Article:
I recently attended an elite celebrity boot camp in California, and two months prior to arrival a packet containing all of the pre-preparation recommendations arrived for transitioning to a plant-based diet. The preparations included eliminating meat and caffeine. The former was fine by me, the latter not so fine by me, so I didn’t do it.
At the camp, we were given three plant-based meals daily, plus very small snacks mid-day while hiking and exercising vigorously. I was hungry, but I was also suffering some serious detox having no caffeine in my diet. My symptoms included migraine headaches, nausea, and dizzy spells. The thing I wanted more than anything else was a cup of old-fashioned Lipton’s tea. Upon return from the boot camp, I sought medical advice on my symptoms and learned that caffeine is not necessarily something you need to eliminate from any health-based diet.
Dr. Leslie Dominguez, an internist based in Covington, LA offers the following reasons why caffeine is good for you:
- Increased Metabolism and Physical Performance – If you’re looking to lose weight, caffeine actually increases metabolic rate, which leads to increased fat-burning. According to the American Council on Exercise, caffeine is absorbed through the small intestine and stomach within 30-45 minutes after consumption. As it is metabolized, caffeine stimulates the nervous system, heart, and muscles that control blood pressure, and this stimulation can increase sports performance (endurance and strength).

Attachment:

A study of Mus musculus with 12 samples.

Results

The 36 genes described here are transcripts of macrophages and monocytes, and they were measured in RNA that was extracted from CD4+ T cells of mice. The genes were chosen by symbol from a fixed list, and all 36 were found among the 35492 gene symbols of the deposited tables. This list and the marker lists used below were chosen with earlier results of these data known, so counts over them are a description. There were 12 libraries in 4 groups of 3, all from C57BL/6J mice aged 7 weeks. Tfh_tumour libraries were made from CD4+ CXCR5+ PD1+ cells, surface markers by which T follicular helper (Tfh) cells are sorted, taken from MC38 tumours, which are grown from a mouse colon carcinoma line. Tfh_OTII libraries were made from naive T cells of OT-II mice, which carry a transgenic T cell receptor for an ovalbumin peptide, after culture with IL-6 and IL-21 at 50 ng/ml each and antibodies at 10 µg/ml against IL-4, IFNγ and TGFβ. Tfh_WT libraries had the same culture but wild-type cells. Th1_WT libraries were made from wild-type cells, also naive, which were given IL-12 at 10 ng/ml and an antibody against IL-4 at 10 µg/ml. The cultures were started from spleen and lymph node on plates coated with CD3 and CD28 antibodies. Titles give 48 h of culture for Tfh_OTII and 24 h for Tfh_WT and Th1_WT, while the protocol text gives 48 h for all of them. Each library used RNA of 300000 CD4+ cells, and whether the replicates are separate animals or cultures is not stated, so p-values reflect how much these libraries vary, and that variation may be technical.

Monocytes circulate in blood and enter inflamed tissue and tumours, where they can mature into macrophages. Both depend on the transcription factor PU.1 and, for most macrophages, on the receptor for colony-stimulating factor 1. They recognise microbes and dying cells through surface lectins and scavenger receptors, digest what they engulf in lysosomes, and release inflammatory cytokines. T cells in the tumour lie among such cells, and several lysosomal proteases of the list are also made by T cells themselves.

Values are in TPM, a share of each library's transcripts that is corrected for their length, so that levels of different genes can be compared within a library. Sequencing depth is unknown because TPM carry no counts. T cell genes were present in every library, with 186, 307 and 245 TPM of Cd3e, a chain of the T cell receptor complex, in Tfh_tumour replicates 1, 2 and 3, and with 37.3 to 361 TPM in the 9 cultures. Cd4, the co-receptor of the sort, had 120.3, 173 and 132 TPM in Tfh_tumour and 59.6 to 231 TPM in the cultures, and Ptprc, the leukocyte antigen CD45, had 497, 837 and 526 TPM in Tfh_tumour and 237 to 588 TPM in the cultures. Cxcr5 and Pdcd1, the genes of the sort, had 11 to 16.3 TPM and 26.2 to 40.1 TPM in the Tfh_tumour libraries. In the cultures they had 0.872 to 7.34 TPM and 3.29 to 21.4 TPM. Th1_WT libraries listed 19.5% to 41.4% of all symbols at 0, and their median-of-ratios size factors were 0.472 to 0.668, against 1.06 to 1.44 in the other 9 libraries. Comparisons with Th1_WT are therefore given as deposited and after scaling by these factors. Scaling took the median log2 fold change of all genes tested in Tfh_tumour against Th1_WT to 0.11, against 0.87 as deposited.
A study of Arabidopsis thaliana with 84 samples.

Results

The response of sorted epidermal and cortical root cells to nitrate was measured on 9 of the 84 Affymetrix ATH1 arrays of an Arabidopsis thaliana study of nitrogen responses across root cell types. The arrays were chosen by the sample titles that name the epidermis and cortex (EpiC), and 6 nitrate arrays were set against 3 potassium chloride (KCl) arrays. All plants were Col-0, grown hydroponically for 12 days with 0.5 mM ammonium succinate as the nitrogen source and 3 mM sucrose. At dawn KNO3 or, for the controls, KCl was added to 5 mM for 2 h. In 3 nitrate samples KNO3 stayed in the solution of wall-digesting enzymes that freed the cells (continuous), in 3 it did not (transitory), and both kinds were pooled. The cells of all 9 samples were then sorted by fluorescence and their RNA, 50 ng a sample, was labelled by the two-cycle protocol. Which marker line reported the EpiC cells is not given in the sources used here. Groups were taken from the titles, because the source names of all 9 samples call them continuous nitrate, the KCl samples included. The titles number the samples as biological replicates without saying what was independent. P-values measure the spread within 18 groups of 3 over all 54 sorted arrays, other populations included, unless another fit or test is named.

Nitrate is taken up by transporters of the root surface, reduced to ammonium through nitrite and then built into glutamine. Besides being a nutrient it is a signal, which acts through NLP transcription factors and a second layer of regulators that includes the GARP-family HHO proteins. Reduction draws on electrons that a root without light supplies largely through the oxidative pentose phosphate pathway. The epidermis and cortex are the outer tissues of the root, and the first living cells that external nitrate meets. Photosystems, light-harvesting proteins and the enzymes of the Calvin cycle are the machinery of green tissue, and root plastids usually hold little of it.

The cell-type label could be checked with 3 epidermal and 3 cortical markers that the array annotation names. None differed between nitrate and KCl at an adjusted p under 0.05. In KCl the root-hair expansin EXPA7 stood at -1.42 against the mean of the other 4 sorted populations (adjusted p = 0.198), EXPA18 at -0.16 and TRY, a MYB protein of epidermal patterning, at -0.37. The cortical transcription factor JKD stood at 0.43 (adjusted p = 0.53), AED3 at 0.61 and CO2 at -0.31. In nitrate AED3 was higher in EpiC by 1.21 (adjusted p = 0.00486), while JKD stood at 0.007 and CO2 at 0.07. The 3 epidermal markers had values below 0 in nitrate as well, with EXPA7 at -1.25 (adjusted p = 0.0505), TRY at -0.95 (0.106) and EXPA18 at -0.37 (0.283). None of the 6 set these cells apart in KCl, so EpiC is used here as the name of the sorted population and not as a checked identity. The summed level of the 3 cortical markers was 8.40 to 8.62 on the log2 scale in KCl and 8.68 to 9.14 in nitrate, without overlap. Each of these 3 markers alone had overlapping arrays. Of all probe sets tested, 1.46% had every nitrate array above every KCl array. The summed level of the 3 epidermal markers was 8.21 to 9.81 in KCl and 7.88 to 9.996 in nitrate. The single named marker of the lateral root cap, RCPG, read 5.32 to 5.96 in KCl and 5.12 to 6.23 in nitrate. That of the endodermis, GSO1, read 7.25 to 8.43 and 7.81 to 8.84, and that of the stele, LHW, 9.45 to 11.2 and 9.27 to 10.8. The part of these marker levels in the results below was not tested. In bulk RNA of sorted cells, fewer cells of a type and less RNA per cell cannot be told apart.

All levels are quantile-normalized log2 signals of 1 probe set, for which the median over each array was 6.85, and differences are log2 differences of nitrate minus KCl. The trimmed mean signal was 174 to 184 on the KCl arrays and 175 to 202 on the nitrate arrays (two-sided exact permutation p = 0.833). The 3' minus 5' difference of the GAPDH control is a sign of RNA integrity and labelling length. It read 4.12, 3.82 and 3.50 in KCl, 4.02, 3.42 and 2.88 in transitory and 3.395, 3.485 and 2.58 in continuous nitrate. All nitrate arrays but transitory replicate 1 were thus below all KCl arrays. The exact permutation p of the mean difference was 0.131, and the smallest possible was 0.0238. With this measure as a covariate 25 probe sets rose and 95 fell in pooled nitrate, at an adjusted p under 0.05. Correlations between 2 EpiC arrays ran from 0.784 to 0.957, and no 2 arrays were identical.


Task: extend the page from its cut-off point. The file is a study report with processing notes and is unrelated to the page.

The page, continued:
- Reduce Some Cancer Risks – According to the American Cancer Society, studies have shown that coffee might lower the risk of some types of cancer, including prostate cancer, liver cancer, endometrial cancer, and some cancers of the mouth and throat.
- Reduce Risk of Strokes – The journal Stroke shows that caffeine reduces the risk of stroke by up to 20%. Over 13 years, a study showed that among more than 82,000 men and women who drank coffee regularly were less likely to suffer a stroke. Swedish researchers followed more than 30,000 women from age 49-83 over a ten year period and found that those who drank more than two or more cups of coffee every day decreased stroke risk by nearly a quarter.
- Decrease chances of having Diabetes – The Harvard School of Public Health released study results showing that people who increased the amount of coffee they drank each day by more than one cup over a four-year period lowered their risk for type 2 diabetes by 11%. The study also revealed that those who decreased their coffee consumption by more than a cup per day increased their type 2 diabetes risk by 17%.
- Reduce risk of Dementia or Alzheimer’s – Studies at the National Institute of Health show that middle-aged people who drink 3 to 5 cups of coffee per day could decrease dementia or Alzheimer’s disease risk by about 65%.